The voices of Tax Policy Center's researchers and staff
The Department of Homeland Security didn’t shut down, but… fallout remains over the President Obama’s executive orders on immigration and their effect on low-income tax breaks. Senate Finance Committee Chair Orrin Hatch wants the Administration to say how many immigrants protected from deportation would receive Social Security numbers. He doesn’t believe the Social Security Administration’s projection of 16 million. Meanwhile, Representative Lynn Westmoreland (R-GA) introduced a bill to require a Social Security number in order to receive the Child Tax Credit. That would prohibit children of undocumented immigrants from receiving the assistance. Last week, Representative Patrick McHenry (R-NC) introduced a bill to block undocumented immigrants from qualifying from the Earned Income Tax Credit.
Governors want action on online sales tax legislation. House Speaker John Boehner blocked action on the Marketplace Fairness Act last year, but the National Governors Association wants him to reconsider. The bill would have clarified state authority to collect sales tax on purchases from out of state retailers. The Hill reports that NGA executive director Dan Crippen wrote, “We know changes will be made to the legislation, but the basic principles of federalism and the goals of collecting what is owed, avoiding new or higher taxes and leveling the playing field for all sellers must guide the process.”
Dynamic scoring isn’t delivering the hoped-for goods. The Tax Foundation scored the Rubio-Lee tax reform plan using its own model. It concluded the plan would still lose $1.7 trillion over 10 years though it would generate added revenue after the first decade. Even with the foundation’s aggressive assumptions about how much the capital stock would increase in response to the plan’s tax cuts, it still falls far short of paying for itself any time soon. At the same time, GOP lawmakers may pull a plan to make permanent bonus depreciation for business investment because it to is likely to lose revenue, even with a dynamic score. TPC’s Howard Gleckman concludes “dynamic scoring may disappoint even its strongest admirers.”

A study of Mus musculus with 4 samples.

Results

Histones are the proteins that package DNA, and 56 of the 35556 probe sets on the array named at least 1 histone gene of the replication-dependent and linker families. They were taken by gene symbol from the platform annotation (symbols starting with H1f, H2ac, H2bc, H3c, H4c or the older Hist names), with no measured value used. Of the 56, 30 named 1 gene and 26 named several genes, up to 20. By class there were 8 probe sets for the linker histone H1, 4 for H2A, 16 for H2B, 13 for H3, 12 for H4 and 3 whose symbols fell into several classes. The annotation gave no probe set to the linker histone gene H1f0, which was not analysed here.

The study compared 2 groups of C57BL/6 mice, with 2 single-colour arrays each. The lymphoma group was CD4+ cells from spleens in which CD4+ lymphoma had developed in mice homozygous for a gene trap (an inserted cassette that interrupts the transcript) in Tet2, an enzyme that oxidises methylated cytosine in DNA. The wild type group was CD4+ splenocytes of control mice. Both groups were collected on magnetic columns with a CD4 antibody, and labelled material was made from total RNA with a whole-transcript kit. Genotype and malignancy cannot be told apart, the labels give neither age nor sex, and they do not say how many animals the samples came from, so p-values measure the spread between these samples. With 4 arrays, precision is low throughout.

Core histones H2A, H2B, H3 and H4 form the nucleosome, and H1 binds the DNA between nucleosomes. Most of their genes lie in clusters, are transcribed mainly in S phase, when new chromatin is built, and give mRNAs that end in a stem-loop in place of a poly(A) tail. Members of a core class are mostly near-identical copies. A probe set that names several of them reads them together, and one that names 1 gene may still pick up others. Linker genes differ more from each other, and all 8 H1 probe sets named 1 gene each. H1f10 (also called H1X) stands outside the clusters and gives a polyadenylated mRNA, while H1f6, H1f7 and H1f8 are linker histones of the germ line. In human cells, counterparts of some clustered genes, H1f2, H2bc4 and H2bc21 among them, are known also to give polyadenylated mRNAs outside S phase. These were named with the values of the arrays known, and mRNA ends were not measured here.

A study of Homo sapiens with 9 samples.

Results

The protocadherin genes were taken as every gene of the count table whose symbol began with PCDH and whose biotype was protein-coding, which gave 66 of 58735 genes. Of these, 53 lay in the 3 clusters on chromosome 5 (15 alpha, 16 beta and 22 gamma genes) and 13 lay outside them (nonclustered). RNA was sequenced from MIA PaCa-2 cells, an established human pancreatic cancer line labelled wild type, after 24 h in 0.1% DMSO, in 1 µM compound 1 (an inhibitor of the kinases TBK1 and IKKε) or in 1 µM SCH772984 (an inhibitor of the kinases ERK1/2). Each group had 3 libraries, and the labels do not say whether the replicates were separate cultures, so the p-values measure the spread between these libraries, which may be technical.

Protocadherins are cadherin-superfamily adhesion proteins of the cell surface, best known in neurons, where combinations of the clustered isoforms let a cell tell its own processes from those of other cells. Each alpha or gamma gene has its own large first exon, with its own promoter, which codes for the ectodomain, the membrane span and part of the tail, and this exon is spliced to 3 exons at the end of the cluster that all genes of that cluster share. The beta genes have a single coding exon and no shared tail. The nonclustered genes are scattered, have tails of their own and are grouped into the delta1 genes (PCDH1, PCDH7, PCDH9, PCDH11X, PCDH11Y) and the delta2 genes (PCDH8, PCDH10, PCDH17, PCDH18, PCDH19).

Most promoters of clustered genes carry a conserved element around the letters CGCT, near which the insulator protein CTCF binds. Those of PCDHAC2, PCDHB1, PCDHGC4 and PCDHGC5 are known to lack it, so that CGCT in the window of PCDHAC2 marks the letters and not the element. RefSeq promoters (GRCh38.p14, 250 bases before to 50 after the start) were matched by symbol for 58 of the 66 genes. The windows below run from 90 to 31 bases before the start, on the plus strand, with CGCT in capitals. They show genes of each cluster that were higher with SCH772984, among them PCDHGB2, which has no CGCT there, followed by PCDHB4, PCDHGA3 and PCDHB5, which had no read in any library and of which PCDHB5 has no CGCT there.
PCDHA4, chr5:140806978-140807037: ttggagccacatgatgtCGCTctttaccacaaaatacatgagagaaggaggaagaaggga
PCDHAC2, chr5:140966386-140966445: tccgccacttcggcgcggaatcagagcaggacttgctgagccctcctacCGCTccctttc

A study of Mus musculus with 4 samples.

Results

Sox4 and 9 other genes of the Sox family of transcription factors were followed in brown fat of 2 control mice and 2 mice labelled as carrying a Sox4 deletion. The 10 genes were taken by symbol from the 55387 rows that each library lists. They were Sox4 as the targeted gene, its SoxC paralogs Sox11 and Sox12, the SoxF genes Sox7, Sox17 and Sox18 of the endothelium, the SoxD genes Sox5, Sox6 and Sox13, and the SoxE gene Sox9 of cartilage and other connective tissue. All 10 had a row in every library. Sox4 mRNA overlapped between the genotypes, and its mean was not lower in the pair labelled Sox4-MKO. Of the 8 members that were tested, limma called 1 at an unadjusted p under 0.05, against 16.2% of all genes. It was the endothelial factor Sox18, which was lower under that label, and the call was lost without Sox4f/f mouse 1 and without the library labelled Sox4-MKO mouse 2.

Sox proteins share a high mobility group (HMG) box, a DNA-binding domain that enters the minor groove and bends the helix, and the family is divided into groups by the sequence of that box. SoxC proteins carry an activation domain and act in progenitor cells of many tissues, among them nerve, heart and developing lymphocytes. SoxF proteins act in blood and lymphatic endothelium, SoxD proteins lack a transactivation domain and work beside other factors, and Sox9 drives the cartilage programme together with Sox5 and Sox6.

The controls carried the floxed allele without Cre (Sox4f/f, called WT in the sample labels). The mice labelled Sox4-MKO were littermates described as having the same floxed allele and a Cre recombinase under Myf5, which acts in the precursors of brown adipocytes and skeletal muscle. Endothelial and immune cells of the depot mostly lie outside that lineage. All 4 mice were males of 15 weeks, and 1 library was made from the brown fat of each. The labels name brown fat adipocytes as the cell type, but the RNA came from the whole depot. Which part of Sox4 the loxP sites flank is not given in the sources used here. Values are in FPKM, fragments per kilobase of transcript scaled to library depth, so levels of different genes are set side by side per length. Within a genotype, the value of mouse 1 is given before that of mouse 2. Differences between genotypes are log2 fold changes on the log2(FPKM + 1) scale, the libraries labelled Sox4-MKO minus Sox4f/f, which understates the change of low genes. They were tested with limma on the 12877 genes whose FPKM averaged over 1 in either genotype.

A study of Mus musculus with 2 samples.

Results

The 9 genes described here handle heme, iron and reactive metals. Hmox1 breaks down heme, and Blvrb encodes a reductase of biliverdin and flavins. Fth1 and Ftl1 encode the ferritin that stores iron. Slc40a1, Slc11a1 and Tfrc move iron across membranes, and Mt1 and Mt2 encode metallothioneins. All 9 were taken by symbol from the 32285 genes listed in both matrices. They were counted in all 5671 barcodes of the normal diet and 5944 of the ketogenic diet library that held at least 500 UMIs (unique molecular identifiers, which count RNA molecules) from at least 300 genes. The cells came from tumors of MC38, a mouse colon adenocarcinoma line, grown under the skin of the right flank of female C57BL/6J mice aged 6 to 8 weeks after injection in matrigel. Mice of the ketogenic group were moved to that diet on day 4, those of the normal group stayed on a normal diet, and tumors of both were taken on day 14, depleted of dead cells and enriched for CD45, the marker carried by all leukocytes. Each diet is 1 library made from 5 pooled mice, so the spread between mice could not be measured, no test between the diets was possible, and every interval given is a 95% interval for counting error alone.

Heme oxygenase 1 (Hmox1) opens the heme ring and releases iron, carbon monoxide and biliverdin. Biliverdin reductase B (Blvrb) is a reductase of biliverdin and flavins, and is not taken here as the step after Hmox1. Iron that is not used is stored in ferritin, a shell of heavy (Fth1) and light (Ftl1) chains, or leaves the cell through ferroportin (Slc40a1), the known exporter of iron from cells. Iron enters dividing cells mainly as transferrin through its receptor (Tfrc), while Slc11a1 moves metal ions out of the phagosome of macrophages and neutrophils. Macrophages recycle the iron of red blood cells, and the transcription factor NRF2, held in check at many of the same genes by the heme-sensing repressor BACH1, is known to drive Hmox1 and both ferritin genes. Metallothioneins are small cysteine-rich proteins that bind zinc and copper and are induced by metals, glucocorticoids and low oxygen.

IRS-certified volunteers helped US taxpayers claim $3.9 billion in refunds last year. The IRS continues to seek volunteers for this tax filing season at Volunteer Income Tax Assistance and Tax Counseling for the Elderly sites. The IRS also seeks volunteers to serve on its Taxpayer Advocacy Panel: Its mission is to improve IRS services.
Today on the Hill. The Senate Budget Committee holds a hearing on the merits of a balanced budget. The panel will hear from John Engler of the Business Roundtable, Maya MacGuineas of the Committee for a Responsible Federal Budget, and Mark Blyth of Brown University.